Comparing Love in To Dance with the White dog and Moulin Rouge

Comparing Love in To Dance with the White dog and Moulin Rouge


    In the novel, To Dance with the White dog, Terry Kay crafts a love story about Sam Peek and his wife Cora, that seems to extend beyond the grave in the form of a white dog.  At the same time, the film Moulin Rouge is a fast paced, tensely dramatic, love triangle between Christian, the poor writer, Satine, the courtesan that everyone fancies, and the Duke, who has the money to transform the Moulin Rouge into a theatre with real merit. Both movies center on the main theme of love but take two different stands on that love. While Satine is unable to concentrate solely on a single relationship, Sam Peek is able to focus solely on the love of his life, Cora.


      In To Dance with the White Dog, there are several instances that show Sam's devotion and unchanging love for Cora.  When Sam writes in his journal, at the beginning of the novel, "Today my wife died.  We were married 57 good years" (Kay 9).  Sam was completely devoted to his wife for over half a century and even after her death with his devotion to White Dog, who he perceived to be his deceased wife watching over him.  Even though Satine was unable to pursue her love for Christian due to her death, her ambiguity towards her two suitors makes the viewer wonder if she could be as devoted to one love as Sam is devoted to his wife.


      A prime example of Sam's enduring fidelity is when he goes to his wife's grave, "[...] He took the hoe and cut away at the weeds, balancing on his walker, until the plot was clean" (Kay 42).  No matter what his circumstance, Sam is going to do what he can for his wife, even if it is simply taking care of his wife's grave.  Christian does something similar to this by writing Satine's and his story, so that the world would know about their love.   The love is there, but the audience is unable to see if Satine and Christian's love would last as long as Sam and Cora's due to Satine's untimely death at the end of the film.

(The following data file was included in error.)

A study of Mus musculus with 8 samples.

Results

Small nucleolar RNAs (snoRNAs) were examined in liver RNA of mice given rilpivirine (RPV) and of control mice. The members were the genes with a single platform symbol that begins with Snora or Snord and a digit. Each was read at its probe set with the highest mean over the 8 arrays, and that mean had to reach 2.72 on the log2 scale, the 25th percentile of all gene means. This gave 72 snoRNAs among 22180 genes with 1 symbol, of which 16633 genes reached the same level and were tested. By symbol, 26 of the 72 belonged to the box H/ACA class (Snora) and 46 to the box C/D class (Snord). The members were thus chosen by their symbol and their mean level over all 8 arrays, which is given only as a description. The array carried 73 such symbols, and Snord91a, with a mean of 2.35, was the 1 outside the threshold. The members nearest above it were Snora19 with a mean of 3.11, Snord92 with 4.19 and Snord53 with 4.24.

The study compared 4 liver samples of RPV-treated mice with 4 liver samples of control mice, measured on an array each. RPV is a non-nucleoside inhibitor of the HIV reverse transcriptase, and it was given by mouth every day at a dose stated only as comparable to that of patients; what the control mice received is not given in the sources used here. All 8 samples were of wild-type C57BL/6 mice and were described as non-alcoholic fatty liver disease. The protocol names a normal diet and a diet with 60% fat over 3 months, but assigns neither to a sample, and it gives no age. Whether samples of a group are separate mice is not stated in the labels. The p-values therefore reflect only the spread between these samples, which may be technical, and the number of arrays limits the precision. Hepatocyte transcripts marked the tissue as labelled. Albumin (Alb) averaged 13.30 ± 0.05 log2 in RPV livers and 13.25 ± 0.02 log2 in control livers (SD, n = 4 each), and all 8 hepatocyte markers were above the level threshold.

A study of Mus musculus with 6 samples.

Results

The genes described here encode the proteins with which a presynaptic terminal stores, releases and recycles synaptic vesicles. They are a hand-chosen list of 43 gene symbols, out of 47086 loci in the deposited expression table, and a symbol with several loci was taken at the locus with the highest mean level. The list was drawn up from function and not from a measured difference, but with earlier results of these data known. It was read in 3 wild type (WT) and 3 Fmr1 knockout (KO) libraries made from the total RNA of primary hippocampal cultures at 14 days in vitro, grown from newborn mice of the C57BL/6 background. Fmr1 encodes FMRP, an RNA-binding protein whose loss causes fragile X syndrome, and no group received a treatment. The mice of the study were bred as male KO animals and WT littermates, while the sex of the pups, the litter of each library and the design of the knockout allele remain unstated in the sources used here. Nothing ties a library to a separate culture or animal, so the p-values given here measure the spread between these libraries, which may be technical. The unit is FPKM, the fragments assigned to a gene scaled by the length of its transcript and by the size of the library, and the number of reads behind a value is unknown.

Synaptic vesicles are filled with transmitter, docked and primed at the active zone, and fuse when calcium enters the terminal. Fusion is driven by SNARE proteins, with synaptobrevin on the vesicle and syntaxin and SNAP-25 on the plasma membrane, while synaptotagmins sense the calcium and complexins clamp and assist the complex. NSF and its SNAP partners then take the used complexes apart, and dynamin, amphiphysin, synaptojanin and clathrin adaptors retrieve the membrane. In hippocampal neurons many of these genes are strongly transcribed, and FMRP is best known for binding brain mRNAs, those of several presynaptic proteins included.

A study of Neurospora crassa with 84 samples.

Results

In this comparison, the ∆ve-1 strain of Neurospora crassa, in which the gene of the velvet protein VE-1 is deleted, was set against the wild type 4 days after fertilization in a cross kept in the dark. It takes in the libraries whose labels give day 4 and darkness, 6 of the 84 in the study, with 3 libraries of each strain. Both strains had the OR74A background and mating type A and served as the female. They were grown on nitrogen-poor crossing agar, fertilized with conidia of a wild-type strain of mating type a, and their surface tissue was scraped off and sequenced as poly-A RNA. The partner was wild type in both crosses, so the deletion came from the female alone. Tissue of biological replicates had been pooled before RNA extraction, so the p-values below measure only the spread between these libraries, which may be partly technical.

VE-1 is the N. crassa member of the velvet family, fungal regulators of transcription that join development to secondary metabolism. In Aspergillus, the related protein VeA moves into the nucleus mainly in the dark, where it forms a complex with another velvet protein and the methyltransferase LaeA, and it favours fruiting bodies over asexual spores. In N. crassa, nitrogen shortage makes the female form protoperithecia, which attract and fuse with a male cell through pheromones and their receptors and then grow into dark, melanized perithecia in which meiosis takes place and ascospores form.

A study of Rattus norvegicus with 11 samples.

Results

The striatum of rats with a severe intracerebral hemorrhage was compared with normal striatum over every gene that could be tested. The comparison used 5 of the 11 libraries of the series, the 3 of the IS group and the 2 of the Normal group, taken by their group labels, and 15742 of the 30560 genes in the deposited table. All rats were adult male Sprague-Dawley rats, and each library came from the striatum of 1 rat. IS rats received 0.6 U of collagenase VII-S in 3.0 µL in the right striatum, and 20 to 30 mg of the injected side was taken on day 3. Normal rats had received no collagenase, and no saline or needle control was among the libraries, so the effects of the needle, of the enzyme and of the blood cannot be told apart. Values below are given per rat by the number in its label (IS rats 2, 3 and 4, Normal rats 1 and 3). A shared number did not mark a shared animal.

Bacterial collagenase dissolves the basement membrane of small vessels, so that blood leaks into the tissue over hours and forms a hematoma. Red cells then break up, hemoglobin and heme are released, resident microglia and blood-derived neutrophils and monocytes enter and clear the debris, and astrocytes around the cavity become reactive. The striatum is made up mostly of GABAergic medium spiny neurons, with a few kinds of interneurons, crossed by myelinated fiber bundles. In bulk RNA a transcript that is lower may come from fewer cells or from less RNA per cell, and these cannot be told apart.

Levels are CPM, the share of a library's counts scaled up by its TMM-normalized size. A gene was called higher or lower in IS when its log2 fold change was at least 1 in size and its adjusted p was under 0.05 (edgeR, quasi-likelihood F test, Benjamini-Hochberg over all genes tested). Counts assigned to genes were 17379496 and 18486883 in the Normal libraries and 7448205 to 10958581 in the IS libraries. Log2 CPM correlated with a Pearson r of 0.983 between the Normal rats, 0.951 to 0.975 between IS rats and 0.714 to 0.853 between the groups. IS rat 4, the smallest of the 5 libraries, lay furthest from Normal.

Also, in the scene where Satine gives into the Duke's wooing and goes on a picnic with him, Christian accompanies them under the guise of much work to do on the play.  The scene shows the Duke oblivious to Satine and Christian's loving looks towards one another. Soon thereafter, the Duke turns to Satine and she pulls away from Christian and becomes enthralled with the Duke.  Satine is unable to separate her ambition and her possible career as an actress from her love.  The majority of the movie depicts Satine juggling the two men who each hold a possible future.  Where Sam only juggles the thoughts of his wife and how much he loves and misses her now that she is gone.


       Satine has deeper motives for her behavior than love.  Satine is essentially a prostitute and in her line of work, love is not allowed. Therefore she is able to be an astounding actress and fool Christian into believing she does not love him when his life is in danger.  It was the ulterior motive of becoming and actress and knowing that she would die soon, not her love, that prompts Satine to play the part so well. Satine still goes to the Duke and persuades him to continue funding the play and to keep the lovers ending.  Even thought Satine pushes Christian away, she is still able to do her job and entice the Duke. The act she puts on, is her, fueled by her fear for Christian's life and because she is torn, she is fueled to go to the Duke to save the Moulin Rouge.  She is ultimately unable to focus on or pursue a single love in her life.


            Essentially Satine is pulled between two loves, her ambition and her love for Christian.  Sam Peek is able to focus solely on his wife and the love filled life they shared for fifty-seven years and after her death, the love he has for White Dog who is supposedly Cora on Earth again to watch over Sam.  While Satine may love Christian, she is unable to devote herself solely to him, because not only is she promised to the Duke already, but also the fate of the Moulin Rouge and her life hangs in the balance.  While Sam's life doesn't hang in the balance due to his love, his life is slightly diminished after Cora's death and being under his children's constant watchful eyes. Sam and Satine are similar in the fact that they are both offered the ultimate love. Although different, their loves are similar and both have the potential of being life lasting.    

 The difference is that Sam Peek embraces his love and Satine puts seemingly more important matters before her love.   


Works Cited

Kay, Terry.  To Dance With The White Dog.  New York:  Pocket Books, 1990.

Moulin Rouge. Baz Luhrmann. Perf. Nicole Kidman and Ewan McGregor. Twentieth Century Fox, 2001.